Our apartment here in Torri is built to a pattern that is common all over the Mediterranean, the walls massively constructed in stone and rooms with high ceilings formed as a curved arch without wooden supporting beams. The interior is painted white, the windows are curtain-less with exterior shutters and the floors are laid with rich brown quarry tiles with the occasional rug to soften the echoes. It is a pattern that suits the summer climate better than it does the winter as the apartment interior remains relatively cool throughout the day regardless of the temperature outside. We are grateful, therefore, for the large wood-burning ‘stufa’ built into our living room wall which forces heat into the surrounding stonework so that it can seep out again all through the night and into the next day.
In a village like Torri, a compressed village environment set in a deep valley, it is only the very favoured inhabitants who can expect to see the sun shining through their windows all day long, especially in winter when the hills send long shadows across the land. Our apartment is more blessed than many as we live high up on the third floor, higher still if you count the cellar which itself is some distance above the road. The apartment has a roof terrace – not the place for vertigo sufferers – and this is probably the highest point in the entire village. All this height comes at a cost, of course, as there are 61 steps between the road and the front door of the apartment, a challenge on a good day, quite painful on a bad one.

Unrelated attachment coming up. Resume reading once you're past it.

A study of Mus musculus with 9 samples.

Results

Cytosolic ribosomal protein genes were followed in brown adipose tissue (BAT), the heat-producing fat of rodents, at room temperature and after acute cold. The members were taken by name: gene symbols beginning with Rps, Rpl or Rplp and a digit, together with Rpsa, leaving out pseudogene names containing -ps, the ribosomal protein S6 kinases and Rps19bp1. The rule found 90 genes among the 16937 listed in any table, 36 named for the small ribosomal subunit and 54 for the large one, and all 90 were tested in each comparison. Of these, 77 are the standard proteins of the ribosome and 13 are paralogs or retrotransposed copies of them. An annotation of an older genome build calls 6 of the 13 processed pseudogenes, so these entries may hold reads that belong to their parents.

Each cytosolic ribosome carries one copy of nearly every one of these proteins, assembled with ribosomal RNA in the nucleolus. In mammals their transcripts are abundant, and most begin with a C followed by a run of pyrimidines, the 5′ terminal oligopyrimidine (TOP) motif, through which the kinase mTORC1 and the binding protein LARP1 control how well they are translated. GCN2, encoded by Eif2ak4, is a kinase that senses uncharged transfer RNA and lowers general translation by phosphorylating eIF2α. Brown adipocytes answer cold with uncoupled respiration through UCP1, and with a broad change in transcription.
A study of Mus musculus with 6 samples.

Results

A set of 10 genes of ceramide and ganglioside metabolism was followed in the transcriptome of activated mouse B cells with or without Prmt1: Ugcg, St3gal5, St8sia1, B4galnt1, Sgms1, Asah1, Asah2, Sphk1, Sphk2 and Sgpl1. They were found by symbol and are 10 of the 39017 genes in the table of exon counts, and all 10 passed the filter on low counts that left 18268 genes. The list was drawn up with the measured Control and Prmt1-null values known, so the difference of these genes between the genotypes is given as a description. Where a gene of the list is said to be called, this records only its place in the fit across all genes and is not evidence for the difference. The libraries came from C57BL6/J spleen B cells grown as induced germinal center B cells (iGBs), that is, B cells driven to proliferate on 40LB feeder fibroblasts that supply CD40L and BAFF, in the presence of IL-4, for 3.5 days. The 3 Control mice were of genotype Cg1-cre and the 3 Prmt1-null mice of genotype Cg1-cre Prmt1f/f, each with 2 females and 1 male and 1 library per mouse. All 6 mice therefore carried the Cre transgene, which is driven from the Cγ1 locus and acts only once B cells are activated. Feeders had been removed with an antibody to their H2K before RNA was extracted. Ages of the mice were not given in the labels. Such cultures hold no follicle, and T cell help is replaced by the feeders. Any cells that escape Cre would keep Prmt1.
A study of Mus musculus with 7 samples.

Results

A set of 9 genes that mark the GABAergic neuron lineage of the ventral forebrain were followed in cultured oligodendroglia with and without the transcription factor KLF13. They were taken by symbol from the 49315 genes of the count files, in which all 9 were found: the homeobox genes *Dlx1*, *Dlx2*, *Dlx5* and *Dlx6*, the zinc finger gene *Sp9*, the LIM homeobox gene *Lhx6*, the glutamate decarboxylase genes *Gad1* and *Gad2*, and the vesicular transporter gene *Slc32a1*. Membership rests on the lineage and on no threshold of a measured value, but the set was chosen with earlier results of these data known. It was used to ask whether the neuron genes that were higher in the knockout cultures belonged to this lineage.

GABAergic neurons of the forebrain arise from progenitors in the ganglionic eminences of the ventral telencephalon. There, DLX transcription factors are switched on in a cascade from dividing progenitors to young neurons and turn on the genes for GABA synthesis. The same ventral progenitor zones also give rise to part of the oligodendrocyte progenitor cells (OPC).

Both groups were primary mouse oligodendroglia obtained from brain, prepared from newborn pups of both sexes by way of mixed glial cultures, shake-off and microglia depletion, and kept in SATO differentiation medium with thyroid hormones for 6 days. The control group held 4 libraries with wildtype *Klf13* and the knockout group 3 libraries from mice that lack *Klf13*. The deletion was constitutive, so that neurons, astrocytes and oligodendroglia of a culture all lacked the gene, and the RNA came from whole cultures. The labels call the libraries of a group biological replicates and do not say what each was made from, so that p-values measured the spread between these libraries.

All of which brings me to the explanation for my aching legs and to the reason my arms are longer now than when we first arrived. It is well known folklore that a wood burning fire will warm you twice, once when you chop up the wood and once again when it burns in the grate. Here in Torri, however, they say that wood warms you seven times! It goes like this: First it is cut it from the tree, then it is sawn into logs before the wood is transported down the hillside to be stored for drying. When ready, the logs are split apart, then carried home for storage. Finally the wood is taken from the cellar up to the house and then at last it is burnt on the fire.
Thanks to the kindness and energy of Guy, a Frenchman who has family connections in Torri and who sweeps in from France every so often to look after his various plots of land hereabouts, and thanks to a massive expenditure of muscular effort by Guy, myself and from my long-suffering brother, after two days of log splitting and transportation, we now have a sumptuous woodpile in our cellar. This is mostly olive wood cut three years ago and now nicely dried and ready to burn; for kindling we will use pine cones collected on our mountain walks, these being melon-sized and completely dried out, easily stuffed into a large sack which is then slung over the shoulders as we descend. And as a quid pro quo for his wood, Guy is having English lessons from us, in addition to which, when he needs other help, someone to climb a ladder or push about one of his many wheelbarrows, he endearingly calls for my assistance (‘Caan yu ‘elp me plees?’). His energy and enthusiasm is boundless but outside of the English lessons, we communicate entirely in French, a challenge for both Kate and I as we to try to recall words learnt at school over 40 years ago. After a day with Guy our brains are buzzing with his language, hyperactive with words and phrases we should have used, things we could have said. Fortunately he is a patient man as well as being excellent company, providing us with a completely new insight into the world that is Torri.